It appears, as of this writing, that a ceasefire between Israel and Hamas is imminent. What remains is how to move forward after the violence stops. It should be obvious that the status quo ante isn’t an effective option, since it all but guarantees a repeat of the fighting in the near future. What’s needed are creative plans to reconcile the different demands of all sides.
Michael Koplow suggests an interesting idea: detach Gaza from the West Bank completely, and treat Hamas as the legitimate ruler of the separate and independent state of Gaza. The reason, he argues, is that Hamas won’t moderate, so there is no point in trying to force it to. Let the moderates govern the West Bank and deal with it, and in this way prove to Palestinians that negotiating with Israel, rather than threatening it, works.
Although the idea has support among former officials in the Israeli security establishment (Giora Eiland, former National Security Advisor, has been the most prominent advocate of a separate Gazan state), and it may even be the case that Hamas itself prefers this outcome, it’s not clear this is an effective long-term solution.
Letting Hamas establish an independent entity in Gaza, without having to give up its stated goal of replacing Israel with an Islamic state, will only encourage its perception that using violence is a successful tactic. But even more dangerous in the long-term is that separating Hamas-ruled Gaza from Fatah-governed West Bank will put the two in competition with each other. The effect of institutionalizing and legitimizing this rivalry will be the opposite of what Koplow suggests: It will privilege Hamas’s hardline stance and underline the weakness of Fatah’s claims that negotiations are the best way to achieve a Palestinian state.
The two states would immediately enter into a contest with each other over scarce resources. This includes trade and aid from Arab states and others, as well as diplomatic support in international forums.
It seems more likely that governments emphasizing an Islamic orientation like the AKP in Turkey and the Muslim Brotherhood in Egypt, to say nothing of Iran and Hezbollah, would seek to support Hamas at the expense of Fatah, depriving the latter of legitimacy in the Arab and Muslim worlds. Israel alone, even with the U.S., would not be enough to prop up Fatah—indeed, its support would be seen as a transaction with more costs than benefits.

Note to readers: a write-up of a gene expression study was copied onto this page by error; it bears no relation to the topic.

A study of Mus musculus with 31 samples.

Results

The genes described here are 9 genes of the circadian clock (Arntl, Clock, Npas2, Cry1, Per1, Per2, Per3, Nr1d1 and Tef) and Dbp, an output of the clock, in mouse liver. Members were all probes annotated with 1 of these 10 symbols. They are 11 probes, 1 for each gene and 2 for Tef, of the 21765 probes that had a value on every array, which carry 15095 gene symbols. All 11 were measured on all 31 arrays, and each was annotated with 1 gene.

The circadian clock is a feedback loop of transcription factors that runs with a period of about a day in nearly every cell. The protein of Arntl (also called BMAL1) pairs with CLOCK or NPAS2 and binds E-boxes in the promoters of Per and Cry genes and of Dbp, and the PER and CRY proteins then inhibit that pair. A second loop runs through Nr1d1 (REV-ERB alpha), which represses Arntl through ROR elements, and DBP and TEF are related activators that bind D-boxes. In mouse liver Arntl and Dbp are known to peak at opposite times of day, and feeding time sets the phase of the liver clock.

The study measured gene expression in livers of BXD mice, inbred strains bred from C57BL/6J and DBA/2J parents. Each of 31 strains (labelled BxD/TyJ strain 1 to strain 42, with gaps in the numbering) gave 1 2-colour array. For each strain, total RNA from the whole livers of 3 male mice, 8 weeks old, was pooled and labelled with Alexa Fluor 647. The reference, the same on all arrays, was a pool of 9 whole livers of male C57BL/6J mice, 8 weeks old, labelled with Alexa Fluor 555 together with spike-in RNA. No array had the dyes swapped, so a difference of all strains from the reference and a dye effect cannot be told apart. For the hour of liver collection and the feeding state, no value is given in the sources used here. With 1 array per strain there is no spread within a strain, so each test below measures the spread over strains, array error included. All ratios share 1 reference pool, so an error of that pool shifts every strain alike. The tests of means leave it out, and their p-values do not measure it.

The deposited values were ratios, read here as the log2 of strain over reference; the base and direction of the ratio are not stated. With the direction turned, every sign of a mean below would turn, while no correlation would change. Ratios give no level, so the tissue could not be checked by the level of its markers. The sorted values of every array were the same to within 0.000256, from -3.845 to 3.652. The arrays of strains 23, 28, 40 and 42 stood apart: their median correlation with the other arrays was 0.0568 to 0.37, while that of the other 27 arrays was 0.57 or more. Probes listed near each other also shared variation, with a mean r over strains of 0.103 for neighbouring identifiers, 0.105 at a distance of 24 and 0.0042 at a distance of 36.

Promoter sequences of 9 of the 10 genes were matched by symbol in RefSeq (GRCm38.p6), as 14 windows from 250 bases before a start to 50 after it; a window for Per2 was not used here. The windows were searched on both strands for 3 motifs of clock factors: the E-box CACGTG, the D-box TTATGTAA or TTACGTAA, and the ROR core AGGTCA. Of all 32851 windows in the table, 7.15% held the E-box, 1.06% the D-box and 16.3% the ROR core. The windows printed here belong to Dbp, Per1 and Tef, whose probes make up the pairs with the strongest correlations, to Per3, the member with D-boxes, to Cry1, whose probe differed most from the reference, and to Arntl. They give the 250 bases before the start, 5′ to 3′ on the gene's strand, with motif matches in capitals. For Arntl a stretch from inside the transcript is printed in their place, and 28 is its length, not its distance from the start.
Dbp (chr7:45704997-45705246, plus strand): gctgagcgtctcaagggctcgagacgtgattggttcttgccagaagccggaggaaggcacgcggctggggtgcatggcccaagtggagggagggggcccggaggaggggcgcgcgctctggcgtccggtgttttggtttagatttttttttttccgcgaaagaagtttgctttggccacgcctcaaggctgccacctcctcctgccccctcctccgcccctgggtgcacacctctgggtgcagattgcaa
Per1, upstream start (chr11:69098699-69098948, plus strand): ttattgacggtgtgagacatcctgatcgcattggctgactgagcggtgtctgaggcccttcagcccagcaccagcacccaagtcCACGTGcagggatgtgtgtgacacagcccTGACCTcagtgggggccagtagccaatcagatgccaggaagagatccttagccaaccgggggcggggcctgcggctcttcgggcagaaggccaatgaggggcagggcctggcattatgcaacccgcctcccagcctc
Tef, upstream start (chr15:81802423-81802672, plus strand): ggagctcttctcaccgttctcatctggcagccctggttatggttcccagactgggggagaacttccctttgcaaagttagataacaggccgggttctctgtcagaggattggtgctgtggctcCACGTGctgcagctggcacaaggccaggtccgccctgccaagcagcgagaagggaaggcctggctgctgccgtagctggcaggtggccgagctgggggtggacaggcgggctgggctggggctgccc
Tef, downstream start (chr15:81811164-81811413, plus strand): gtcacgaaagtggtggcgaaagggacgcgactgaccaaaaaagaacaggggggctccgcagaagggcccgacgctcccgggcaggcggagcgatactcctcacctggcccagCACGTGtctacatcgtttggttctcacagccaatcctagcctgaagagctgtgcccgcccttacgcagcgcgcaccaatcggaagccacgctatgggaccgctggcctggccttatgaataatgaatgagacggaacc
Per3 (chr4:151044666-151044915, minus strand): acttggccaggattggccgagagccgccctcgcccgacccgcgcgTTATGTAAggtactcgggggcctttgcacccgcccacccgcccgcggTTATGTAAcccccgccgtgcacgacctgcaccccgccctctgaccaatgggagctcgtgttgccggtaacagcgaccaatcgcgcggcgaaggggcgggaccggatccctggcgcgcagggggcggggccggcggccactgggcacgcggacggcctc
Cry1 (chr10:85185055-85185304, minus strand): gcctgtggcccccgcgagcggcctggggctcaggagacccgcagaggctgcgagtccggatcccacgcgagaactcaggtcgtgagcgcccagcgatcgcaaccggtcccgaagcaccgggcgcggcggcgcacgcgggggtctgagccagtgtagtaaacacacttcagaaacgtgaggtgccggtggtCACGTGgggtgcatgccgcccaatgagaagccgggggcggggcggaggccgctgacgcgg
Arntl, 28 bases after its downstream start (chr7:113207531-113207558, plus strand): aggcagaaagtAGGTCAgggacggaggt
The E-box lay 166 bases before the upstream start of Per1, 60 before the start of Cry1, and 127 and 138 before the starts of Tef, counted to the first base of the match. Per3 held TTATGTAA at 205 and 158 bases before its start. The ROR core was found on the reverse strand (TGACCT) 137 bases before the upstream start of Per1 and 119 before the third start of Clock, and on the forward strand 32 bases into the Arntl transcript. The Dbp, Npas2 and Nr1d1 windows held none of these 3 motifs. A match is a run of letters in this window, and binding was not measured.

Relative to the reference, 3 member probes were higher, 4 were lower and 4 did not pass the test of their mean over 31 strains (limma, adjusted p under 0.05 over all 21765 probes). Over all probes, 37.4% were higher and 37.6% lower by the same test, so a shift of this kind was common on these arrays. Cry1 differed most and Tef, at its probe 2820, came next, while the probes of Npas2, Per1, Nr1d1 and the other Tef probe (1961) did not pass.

Separation would have secondary effects in the internal politics of those states that have overthrown their authoritarian regimes. Instead of being the unifying symbol the Palestinian cause used to be, it would become a divisive issue in domestic Arab politics.
Finally, it’s also more likely that Israel would choose to privilege Hamas over Fatah—at least until the right is no longer dominant in Israeli politics. Because the right doesn’t want to give up the West Bank, either for security reasons or because it’s considered an integral part of Israeli identity, the incentive to deal with hardliners in Hamas and dress it up as a peace process with the Palestinians will be stronger than engaging in genuine compromise with Fatah over the difficult question of the settlements.
I’ve suggested, instead, that Israel work with others to tie Fatah and Hamas together. There is, as Koplow notes, a danger that Hamas will swallow up Fatah. But giving both a stake in the same system will make it less likely either would feel it beneficial to jump ship and go it alone. It will give outside actors more incentive to deal with the whole rather than the individual parts, which in turn would strengthen the entire PA. And it will strengthen the idea that violence and threat don’t work, but negotiation and compromise do.
None of this will be easy—any plan would require major concessions by all sides and heavy pressure from outsiders. But long-term stability and mutual recognition would be best served by making Israel, Hamas, and Fatah more dependent on each other’s successes than by completely separating them.